Poster
21

Quantify T Cell Response in 3D Tumor Spheroids Using Advanced Flow Cytometry and Live-Cell Analysis

Authors

K McBain1; M Oliver1; L Kelsey1; C Szybut1; T Dale1
1 Sartorius, UK

Abstract

Antigen recognition by T cells induces powerful effects, including infiltration and targeted killing, which aid in the elimination of cancer. Typically, therapeutic effects on T cell response have been evaluated using 2D cell models, which bear limited resemblance to the complex physiology of the in vivo tumor microenvironment. Here we provide two 3D spheroid-based solutions for monitoring immune-cancer cell interactions: immune cell killing (ICK) and tumor infiltrating lymphocytes (TILs).



Single spheroids were co-cultured with PBMCs and CD3/CD28 Dynabeads. To measure the rate of ICK, labeled tumor cells were imaged using the Incucyte® Live-Cell Analysis System and quantified for spheroid fluorescence over time. For the TILs assay, spheroids were washed to separate non-infiltrated immune cells from the TILs. Both assays required endpoint spheroid dissociation prior to analysis of cell subsets and cytokines using the iQue® Advanced Flow Cytometer and T cell characterization kits.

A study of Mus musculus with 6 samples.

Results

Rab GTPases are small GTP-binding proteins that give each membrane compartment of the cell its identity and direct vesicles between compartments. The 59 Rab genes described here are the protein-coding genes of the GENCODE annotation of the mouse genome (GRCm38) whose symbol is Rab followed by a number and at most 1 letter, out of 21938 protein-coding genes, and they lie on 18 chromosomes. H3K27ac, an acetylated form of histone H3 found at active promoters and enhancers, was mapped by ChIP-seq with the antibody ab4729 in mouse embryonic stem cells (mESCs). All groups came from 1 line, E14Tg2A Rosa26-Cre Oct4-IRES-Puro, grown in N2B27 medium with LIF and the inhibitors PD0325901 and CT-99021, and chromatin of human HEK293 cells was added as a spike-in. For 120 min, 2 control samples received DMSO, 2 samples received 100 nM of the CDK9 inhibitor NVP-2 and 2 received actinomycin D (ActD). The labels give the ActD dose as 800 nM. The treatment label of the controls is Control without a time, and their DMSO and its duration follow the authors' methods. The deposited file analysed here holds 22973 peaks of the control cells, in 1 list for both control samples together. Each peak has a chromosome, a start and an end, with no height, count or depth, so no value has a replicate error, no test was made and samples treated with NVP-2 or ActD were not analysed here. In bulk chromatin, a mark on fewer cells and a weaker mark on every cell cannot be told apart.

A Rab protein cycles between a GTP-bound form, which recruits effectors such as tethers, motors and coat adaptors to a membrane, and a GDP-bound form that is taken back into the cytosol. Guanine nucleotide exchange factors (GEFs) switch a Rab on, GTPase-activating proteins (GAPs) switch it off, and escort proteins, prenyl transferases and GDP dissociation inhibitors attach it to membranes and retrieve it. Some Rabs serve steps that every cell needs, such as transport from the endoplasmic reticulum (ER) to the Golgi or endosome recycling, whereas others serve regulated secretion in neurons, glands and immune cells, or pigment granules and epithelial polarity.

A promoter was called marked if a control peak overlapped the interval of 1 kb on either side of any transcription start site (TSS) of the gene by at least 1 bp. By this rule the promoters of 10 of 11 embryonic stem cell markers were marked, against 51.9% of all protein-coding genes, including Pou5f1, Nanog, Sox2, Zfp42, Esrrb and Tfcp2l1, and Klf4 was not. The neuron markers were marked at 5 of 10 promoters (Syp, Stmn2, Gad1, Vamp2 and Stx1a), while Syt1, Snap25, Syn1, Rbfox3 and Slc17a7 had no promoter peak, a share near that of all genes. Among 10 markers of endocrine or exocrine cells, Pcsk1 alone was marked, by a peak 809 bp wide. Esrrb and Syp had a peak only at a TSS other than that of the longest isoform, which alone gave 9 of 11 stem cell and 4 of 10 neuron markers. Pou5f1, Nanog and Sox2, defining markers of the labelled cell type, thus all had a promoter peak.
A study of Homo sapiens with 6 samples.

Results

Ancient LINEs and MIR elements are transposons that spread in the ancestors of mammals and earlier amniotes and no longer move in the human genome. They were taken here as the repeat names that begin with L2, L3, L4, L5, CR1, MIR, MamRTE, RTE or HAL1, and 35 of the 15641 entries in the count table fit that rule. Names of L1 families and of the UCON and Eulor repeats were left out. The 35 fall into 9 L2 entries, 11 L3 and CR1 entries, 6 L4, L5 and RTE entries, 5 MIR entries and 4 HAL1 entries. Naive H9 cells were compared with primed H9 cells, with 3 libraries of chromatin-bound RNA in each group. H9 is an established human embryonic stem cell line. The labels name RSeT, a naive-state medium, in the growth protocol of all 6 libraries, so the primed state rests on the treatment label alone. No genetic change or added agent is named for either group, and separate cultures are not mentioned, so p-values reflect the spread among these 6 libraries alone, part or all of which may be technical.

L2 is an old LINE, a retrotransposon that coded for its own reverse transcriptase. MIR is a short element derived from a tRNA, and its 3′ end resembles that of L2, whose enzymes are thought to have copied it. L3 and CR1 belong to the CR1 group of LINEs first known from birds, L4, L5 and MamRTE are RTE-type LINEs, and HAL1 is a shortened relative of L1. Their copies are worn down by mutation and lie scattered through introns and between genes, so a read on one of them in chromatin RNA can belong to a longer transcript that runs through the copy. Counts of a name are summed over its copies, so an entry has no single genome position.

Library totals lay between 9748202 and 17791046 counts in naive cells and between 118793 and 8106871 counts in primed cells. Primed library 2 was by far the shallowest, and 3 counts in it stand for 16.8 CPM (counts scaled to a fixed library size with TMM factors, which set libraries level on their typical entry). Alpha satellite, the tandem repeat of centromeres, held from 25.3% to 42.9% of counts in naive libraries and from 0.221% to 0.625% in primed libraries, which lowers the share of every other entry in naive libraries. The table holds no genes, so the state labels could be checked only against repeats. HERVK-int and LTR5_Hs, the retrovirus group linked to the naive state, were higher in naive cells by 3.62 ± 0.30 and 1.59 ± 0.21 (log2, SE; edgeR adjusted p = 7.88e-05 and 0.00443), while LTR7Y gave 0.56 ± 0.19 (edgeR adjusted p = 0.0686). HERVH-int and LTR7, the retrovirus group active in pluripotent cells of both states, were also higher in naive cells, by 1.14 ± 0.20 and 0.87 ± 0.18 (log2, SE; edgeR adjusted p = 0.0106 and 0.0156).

Separation of the TILs and non-infiltrated T cells enabled comparison of their activation status. Infiltrated cells maintained high CD69 expression (67.1 ± 0.6%) regardless of the number of Dynabeads present. Non-infiltrated cells were more sensitive to external stimuli with CD69 expression increasing from 2.3 ± 0.2% to 86.9 ± 0.7% with increasing Dynabead density. The effects of Dynabead activation were further profiled using the ICK assay. Incucyte data showed a 98.4% reduction in spheroid fluorescence in the presence of 50K Dynabeads compared to the non-activated control on day 4. Spheroid killing was accompanied by an increase in T cell activation and exhaustion marker expression (CD25 and PD-1) and cytokine production (IFNγ). These data demonstrate the study of complex 3D tumor models using advanced flow cytometry and live-cell analysis as a translational approach to in vitro profiling of immunotherapeutics.